LEXINGTON, Ohio -- Juan Pablo Montoya was momentarily caught in a time warp.
During a reconnaissance lap of the Mid-Ohio Sports Car Course before the start of a team test day in the No. 2 Team Penske entry, he noted that the facility appeared much as it did during his last visit in 2000.
"That's not a bad thing," he said. "They don't make tracks like this anymore. It's fun to drive, it feels the same. What was a good lap this morning you can do in an out lap this afternoon."
Montoya, who finished 24th in the Miller Lite 200 on Aug. 14, 2000, at Mid-Ohio (ran out of fuel), joined 19 other Verizon IndyCar Series drivers for a full day on the 2.258-mile, 13-turn road course in preparation for the Honda Indy 200 at Mid-Ohio on Aug. 1-3. With the stretch of six races in four weeks completed, a test day is both a luxury and necessity with two road course races and two oval events left on the calendar.
The GoPro Grand Prix of Sonoma on Aug. 24 is the penultimate race and the final one of the season that Conway will drive. Team owner Ed Carpenter will compete in the ABC Supply Wisconsin 250 at Milwuakee IndyFest on Aug. 17 and the MAVTV 500 at Auto Club Speedway on Aug. 30. Multiple teams tested at the Milwaukee Mile during a brief break in mid-June and 11 drivers are scheduled to test Aug. 7 at Sonoma Raceway. An Open Test before the finale on the 2-mile Auto Club Speedway also is scheduled.
"I was really happy with the result on the last race on a street course for the year and we'll get cracking for the last two (road course) races with this test day," added Conway, who held off Target Chip Ganassi Racing's Tony Kanaan to win Race 2 of the Honda Indy Toronto on July 20. "It's crazy to think we only have four races left in the season. It's gone by fast."
Conway, who has provided Ed Carpenter Racing two of its three victories this season, also has sports car duties to attend to in Europe said he's looking forward to returning to INDYCAR in 2015.
"I've really enjoyed my time with Ed and after I finish my sports car program hopefully we can figure out how we'll continue together for next year," he said. "(Competing in road/street races this year) was what I wanted to do and I'm thankful to Ed for giving me the chance to do that. It's been a good year, and I think next year we could definitely come out strong and have even better year. We're still pushing this year."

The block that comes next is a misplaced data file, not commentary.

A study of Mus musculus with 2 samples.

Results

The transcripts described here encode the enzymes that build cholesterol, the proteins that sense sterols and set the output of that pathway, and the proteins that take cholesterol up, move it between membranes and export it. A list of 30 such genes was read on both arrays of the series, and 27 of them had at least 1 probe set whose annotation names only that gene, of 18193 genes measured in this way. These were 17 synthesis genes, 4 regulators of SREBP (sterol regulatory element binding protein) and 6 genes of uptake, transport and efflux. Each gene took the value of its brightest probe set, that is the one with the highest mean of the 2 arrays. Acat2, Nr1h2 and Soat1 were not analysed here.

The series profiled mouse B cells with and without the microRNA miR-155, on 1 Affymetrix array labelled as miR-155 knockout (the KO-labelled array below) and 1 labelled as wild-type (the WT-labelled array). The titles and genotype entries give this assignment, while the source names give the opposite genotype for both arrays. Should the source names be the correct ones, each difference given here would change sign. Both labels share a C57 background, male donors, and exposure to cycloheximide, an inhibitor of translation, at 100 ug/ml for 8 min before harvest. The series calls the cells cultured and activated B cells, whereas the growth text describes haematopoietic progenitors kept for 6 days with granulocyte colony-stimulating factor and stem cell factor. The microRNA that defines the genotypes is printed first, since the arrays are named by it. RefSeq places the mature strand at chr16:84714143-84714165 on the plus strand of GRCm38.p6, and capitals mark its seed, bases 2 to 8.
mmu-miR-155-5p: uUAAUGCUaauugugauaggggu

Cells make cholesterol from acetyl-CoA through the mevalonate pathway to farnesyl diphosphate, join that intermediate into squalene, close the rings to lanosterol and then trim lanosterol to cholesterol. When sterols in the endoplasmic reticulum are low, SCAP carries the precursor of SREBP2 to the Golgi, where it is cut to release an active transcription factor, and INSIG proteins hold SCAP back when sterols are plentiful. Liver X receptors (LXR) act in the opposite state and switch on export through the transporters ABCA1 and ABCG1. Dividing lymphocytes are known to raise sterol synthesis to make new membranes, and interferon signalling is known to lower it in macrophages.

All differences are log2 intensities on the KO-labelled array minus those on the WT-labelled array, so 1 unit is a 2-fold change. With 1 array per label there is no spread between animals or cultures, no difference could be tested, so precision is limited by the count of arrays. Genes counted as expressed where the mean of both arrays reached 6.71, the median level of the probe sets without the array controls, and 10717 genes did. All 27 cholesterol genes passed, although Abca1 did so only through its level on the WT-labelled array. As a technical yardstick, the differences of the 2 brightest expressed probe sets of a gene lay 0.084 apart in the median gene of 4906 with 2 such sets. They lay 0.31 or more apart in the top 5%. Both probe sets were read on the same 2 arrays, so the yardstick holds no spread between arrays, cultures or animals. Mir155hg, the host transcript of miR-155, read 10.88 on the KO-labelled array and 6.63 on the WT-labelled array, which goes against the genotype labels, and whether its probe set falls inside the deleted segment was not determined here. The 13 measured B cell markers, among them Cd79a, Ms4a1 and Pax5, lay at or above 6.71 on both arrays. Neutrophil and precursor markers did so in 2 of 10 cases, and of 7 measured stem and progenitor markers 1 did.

Toronto race is most-watched since 2011
Conway's victory in Race 2 was the most-watched Verizon IndyCar Series race telecast on NBCSN since the 2011 Grand Prix of Baltimore.
Through eight races on NBCSN, viewership is up 46 percent from the 2013 average viewership over eight races.
"INDYCAR is definitely on the upswing, whether it's ratings or putting buns in the seats," reigning Verizon IndyCar Series champion Scott Dixon said. "(This season) has been up and down with so many different drivers winning and even a rookie winning. It's strong for the sport and fun for the fans to see different cars at the front. The competition is the deepest it's ever been. I think it's exciting."
INDYCAR hands out penalties
INDYCAR announced post-Honda Indy Toronto infractions.
• INDYCAR officials have fined Rahal Letterman Lanigan Racing $5,000 for a technical violation on its No. 16 Verizon IndyCar Series entry driven by Luca Filippi. The entrant was found to have violated Rule 220.127.116.11. (car weight) of the Verizon IndyCar Series rulebook following Race 1 qualifications.
• INDYCAR officials have fined A.J. Foyt Racing $1,000 for a technical violation on its No. 14 Verizon IndyCar Series entry driven by Takuma Sato. The entrant was found to have violated Rule 18.104.22.168 (underwing height) of the Verizon IndyCar Series rulebook following Race 2.
The member may contest the imposition of the penalty pursuant to the procedures and timelines detailed in the review and appeal procedures of the Verizon IndyCar Series rulebook.
A Chip Ganassi Racing car has won the past five races at Mid-Ohio. "You have to give a lot of the credit to the team for the success we've had," said Dixon, who has won four of the past seven races at Mid-Ohio. "The thing that is out of our control is that it changes each year -- the tires are a little different, we changed manufacturers to Chevy this year and development of dampers and the set-up is constant. There are always things you can improve on." Charlie Kimball, driving the No. 83 Novo Nordisk Chip Ganassi Racing car, won his first Verizon IndyCar Series race last August.